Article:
Supervisor, District 3 Pima County Board of Supervisors

In what ways has your organization had to “pivot” as the short-term impacts of the pandemic took hold? 

As the regional public health agency, Pima County has the sole responsibility for implementing public health actions during the pandemic.  This caused a substantial shift in resources and personnel to our public health agency.  Our agency has been responsible for all testing, contract tracing and advisories, as well as, regulatory actions to minimize the spread of COVID-19. As a political subdivision of the state, Pima County cannot enact measures to prevent COVID-19 without the consent of the state.  This is the primary reason the county enacted a mask-in-public mandate days after a governor’s executive order allowed such. The county is a public service organization and as such, delivers services through our essential workers.  Even during the governor’s stay at home order, law enforcement continued to operate, the Pima County Adult Detention Center could not shut down. Transportation employees continued to maintain the roads and our wastewater employees continued to provide essential utility services.  Most of our workforce would be classified as essential employees. One of the bigger challenges was continuing to provide these services, while also providing equipment, processes and procedures that minimized the risk of COVID-19 for our employees.

What trends are you experiencing in your own industry, across the US and globally, related to expected long-term impacts of the pandemic?

It is likely the long-term impacts will include increased remote or online working and a substantial shift in retail activity to online services.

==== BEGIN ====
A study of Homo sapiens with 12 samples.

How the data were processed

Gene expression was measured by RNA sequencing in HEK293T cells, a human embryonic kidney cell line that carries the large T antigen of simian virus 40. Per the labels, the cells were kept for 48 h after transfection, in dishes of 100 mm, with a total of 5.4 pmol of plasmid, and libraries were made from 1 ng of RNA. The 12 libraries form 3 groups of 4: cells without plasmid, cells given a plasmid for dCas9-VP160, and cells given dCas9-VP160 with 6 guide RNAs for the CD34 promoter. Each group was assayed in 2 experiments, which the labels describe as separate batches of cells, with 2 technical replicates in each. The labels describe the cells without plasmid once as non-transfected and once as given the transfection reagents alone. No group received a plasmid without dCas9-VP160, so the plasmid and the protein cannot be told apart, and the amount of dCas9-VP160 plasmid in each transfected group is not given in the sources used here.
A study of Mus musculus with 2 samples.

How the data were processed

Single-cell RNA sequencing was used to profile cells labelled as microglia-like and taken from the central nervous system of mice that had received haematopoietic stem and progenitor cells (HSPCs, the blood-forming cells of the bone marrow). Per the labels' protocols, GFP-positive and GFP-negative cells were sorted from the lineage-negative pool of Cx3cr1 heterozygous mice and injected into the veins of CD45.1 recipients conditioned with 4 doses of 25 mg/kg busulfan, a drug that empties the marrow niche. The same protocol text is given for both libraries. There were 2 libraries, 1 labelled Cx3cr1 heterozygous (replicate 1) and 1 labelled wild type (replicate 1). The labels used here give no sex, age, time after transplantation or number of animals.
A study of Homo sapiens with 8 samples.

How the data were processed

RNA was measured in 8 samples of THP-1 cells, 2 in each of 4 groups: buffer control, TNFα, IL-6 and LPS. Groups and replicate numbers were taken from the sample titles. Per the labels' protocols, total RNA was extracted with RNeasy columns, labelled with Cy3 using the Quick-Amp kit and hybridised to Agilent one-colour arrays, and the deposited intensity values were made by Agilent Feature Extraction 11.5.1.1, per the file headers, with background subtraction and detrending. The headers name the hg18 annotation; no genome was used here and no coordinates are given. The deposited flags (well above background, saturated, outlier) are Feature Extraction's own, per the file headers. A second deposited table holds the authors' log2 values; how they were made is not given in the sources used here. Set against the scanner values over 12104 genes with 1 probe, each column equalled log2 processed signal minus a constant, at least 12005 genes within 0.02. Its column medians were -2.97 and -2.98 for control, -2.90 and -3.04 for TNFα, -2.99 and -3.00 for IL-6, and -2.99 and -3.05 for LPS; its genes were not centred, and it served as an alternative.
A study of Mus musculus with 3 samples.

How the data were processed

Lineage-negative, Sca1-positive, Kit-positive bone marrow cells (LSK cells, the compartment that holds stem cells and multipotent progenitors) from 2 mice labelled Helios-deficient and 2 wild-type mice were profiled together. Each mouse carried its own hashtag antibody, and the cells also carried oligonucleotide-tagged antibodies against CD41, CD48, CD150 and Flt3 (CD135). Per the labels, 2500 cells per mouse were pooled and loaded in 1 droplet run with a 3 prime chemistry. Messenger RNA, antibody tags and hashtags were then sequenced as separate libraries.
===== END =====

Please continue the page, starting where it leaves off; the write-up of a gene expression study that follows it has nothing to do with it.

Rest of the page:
From your business vantage point, what qualities put Tucson region in a position to recover quicker economically and more effectively than other regions?

The factors that will lead to a quicker economic recovery are related to how well the county has handled the pandemic, whether our actions are viewed by others as responsible, proactive and responsive to the medical needs of those infected with COVID-19. Pima County has received high marks for our COVID-19 response and earned a reputation as a proactive public health agency.  In addition, our population size as a medium metropolitan area makes us attractive for relocations of employers and individuals from much larger areas as we have few natural disasters that affect the workforce and productivity.  Our primary threats are from fire and floods.  Fires occur mostly within the federal public lands surrounding Tucson and floods have been effectively managed through continued flood control investments. Finally, we have continued to plan and prepare for economic expansion through refining and advancing our Economic Development Master Plan in concert with Sun Corridor Inc. to train the workforce, provide shovel-ready locations for new or expanding employers and we continue to make directed infrastructure investment.

What are some of the attributes of Tucson that you personally enjoy?

We live and work in an ecological wonderland that I’m proud to have played a leading role in protecting over the past 20 years.